This weekend was dedicated to seed starting and transplanting, as the next couple will be as well. Hubby worked on building a new propagation rack so we can expand our space for seed starting from 2ft by 8 ft to 2 ft by 24 ft! At 360 plants on each 1 ft wide tray that means our capacity to start is expanded from 2880 seeds to 8640! That is HUGE when we are starting some things that take a while to germinate like our peppers and eggplants which were started last weekend and are just now popping (8 days).
Meanwhile I worked on starting seeds and transplanting seeds that we have already started including transplanting 288 basil plants, 30 Mexican sour gherkins, and 72 eggplants. We also started 144 lettuce plants, 144 cabbage plants, 360 broccoli, and 1,800 tomato plants. This coming week I will start more seeds as I am able to begin transplanting the 1,440 pepper plants, 600 eggplants, 360 cauliflower, and 300 celeriac seeds which were started last weekend.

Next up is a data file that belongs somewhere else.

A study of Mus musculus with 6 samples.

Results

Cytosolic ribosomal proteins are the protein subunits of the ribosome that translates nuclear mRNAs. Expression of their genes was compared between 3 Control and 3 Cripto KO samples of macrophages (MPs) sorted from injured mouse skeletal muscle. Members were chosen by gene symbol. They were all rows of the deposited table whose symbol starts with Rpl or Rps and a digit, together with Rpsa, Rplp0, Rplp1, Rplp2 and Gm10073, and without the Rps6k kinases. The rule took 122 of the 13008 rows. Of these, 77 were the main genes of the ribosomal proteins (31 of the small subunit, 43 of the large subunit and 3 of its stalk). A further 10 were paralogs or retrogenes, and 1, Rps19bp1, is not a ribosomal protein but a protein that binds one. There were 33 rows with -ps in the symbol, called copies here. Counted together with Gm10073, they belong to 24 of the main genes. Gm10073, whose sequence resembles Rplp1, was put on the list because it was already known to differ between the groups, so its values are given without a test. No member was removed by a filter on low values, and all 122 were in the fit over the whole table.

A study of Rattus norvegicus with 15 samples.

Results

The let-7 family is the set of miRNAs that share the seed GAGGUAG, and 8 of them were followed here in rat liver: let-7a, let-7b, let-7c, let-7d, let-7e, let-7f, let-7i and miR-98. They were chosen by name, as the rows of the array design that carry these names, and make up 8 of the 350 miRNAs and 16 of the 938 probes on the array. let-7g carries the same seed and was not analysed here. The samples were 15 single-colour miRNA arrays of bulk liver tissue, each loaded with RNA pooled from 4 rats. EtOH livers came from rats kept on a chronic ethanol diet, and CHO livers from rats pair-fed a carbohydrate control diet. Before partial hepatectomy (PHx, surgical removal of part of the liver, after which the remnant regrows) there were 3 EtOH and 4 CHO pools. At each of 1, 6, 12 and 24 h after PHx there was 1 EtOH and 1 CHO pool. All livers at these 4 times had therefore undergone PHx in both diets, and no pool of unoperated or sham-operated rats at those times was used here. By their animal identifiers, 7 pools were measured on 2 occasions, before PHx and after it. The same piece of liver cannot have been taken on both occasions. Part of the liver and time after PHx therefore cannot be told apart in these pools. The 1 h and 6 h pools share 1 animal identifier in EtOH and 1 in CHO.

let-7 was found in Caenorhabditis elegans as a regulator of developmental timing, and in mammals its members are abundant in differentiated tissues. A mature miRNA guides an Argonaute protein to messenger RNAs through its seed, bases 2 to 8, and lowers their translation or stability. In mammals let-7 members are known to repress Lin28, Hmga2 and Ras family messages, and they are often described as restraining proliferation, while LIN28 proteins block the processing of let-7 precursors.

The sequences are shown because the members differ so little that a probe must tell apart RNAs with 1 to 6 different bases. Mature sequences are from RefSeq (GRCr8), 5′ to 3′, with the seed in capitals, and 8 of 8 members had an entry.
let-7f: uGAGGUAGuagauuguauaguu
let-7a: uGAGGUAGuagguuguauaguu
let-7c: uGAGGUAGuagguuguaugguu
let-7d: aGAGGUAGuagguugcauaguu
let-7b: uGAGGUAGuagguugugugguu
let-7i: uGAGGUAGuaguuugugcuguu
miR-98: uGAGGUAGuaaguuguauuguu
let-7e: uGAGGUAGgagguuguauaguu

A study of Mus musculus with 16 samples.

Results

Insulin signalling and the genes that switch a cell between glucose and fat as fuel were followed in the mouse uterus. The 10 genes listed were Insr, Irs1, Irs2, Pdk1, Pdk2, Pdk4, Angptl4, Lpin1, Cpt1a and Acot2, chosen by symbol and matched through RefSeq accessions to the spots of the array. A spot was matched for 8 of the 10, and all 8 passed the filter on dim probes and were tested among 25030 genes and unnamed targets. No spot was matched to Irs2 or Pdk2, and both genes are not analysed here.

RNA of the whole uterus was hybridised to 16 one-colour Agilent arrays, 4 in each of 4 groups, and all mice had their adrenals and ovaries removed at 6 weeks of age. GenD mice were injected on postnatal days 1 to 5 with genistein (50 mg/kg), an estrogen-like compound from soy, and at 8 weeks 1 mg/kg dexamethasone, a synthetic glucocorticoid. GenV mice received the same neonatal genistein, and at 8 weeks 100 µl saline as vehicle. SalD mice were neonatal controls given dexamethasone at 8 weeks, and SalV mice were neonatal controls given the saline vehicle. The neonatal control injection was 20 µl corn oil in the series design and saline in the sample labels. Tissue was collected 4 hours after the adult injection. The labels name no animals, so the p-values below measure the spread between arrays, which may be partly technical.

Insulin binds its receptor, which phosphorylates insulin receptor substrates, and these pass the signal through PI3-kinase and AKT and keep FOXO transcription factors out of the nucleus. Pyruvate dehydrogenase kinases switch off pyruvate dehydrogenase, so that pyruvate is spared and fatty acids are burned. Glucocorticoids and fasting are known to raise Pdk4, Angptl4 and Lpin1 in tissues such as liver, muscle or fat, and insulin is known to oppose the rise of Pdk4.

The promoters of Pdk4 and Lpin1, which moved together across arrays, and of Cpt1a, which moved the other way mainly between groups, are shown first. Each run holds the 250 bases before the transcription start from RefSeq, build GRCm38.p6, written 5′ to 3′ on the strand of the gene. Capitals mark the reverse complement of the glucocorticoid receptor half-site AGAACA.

We start our seed by using a soil block maker which compresses a fine mix into little 3/4"X 3/4" blocks, 20 at a time. We put these on cookie sheets and the cookie sheets on the heat mat to germinate. As soon as they pop (within one or two days) they need to be carefully moved to trays, so their roots have more room to grow. Using this method means an extra step, but space on our heat mat is so precious it is worth it for us. Doing this lets us start up to 2,880 seeds on one 2X8 ft mat instead of just 288, which is all the room you have using the trays they end up in.
When more stuff is up and transplanted I'll take some pictures. All of these are currently hanging out under a 1000watt grow light in our basement, where it will stay until our hoop house is up in a couple weeks. But that is why I spent much of this wonderful weekend in our basement, listening to my iPod and carefully putting seed in tiny little blocks!
Other weekend tasks included finally ordering our seed potatoes and onion starts, taking some time and evaluating our fields and space needs for this year, and some basic cleanup around the farm (which hubby did while I was planting tomatoes.)
Also, as some of you have asked, we think that our bee hives have survived this winter! At least their were bees working at our hives today and coming and going! On Tuesday, if the weather holds, hubby will open up the hives and check that the queen is their and the remaining bees are doing good.